Sometimes the Old Testament seems overwhelming doesn’t it? Thirty-nine books probably written over a period of at least 1000 years. Yeah, that’s a lot of information. So, if you struggle to understand how all the parts fit together, you’re not alone.
We hear Sunday School stories from the OT that have helped us learn, but many times they were out of order and nothing was said about how they fit into the overall chronology of the OT.
Imagine for a moment if we had learned our US history out of order and without dates. We’d probably figure out that Colombus came before Abraham Lincoln and that the Tea Party was before the Civil War, but it would be confusing and require extra thinking. And really, who has time for that?!
When it comes to the OT, most of us probably won’t remember all the dates or be able to list all the OT kings in chronological order, and that’s okay.
It’s very helpful to know, though, the 5 major structural divisions and which books fit into each. This helps us understand how each story fits into the greater whole.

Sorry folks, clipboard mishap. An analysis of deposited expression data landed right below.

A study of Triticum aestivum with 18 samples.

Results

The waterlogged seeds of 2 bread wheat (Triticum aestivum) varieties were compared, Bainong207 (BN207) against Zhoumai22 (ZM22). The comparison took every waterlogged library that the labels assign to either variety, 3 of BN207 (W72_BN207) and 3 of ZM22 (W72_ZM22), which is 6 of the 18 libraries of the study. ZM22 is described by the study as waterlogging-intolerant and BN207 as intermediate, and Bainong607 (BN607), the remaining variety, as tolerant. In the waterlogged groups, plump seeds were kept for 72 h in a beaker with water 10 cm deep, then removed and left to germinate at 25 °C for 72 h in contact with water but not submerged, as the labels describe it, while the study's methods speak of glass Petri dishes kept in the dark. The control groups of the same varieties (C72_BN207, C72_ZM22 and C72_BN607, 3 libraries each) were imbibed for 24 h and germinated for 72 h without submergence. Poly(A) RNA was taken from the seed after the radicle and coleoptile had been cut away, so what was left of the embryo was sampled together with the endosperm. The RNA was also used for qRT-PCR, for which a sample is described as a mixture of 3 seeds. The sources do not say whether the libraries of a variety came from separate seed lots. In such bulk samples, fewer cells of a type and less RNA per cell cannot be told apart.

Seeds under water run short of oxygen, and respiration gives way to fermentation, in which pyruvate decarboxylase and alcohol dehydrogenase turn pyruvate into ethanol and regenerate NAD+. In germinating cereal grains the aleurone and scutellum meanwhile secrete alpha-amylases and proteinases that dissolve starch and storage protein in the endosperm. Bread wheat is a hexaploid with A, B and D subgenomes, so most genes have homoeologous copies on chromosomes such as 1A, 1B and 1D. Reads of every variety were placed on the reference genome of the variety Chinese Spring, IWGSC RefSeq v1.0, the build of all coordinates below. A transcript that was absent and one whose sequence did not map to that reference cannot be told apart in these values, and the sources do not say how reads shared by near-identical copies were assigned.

The Pentateuch: Genesis, Exodus, Leviticus, Numbers, Deuteronomy
The Pentateuch refers to the first five books of the Old Testament and authored by the prophet Moses. In it contains the history of the beginning of the world, the patriarchs, and the Law of Moses for the Jewish nation.
The Historical Books: Joshua, Judges, Ruth, 1 Samuel, 2 Samuel, 1 Kings, 2 Kings, 1 Chronicles, 2 Chronicles, Ezra, Nehemiah, Esther
These books primarily contain stories often told from a prophetic view.
The Poetry (or Writings): Job, Psalms, Proverbs, Ecclesiastes, Song of Solomon
These books contain practical wisdom in poetic form geared toward helping people apply knowledge and wisdom to every day life.
Major Prophets: Isaiah, Jeremiah, Lamentations, Ezekiel, Daniel
The Old Testament prophets were God’s mouthpieces to warn the nation when they disobeyed and draw them back to the Lord. They also reminded the nation of God’s promises. The major prophetic books are so named because of their length rather than the prominence of the prophet who wrote the book.
Minor Prophets: Hosea, Joel, Amos, Obadiah, Jonah, Micah, Nahum, Habakkuk, Zephaniah, Haggai, Zechariah, Malachi
The minor prophets wrote for similar reasons as the major prophets, but their books are much shorter.
Note: Throughout the coming fall, we’ll look into some of the stories of the Old Testament in greater depth and see how these narratives help us learn about God and live our lives for his glory.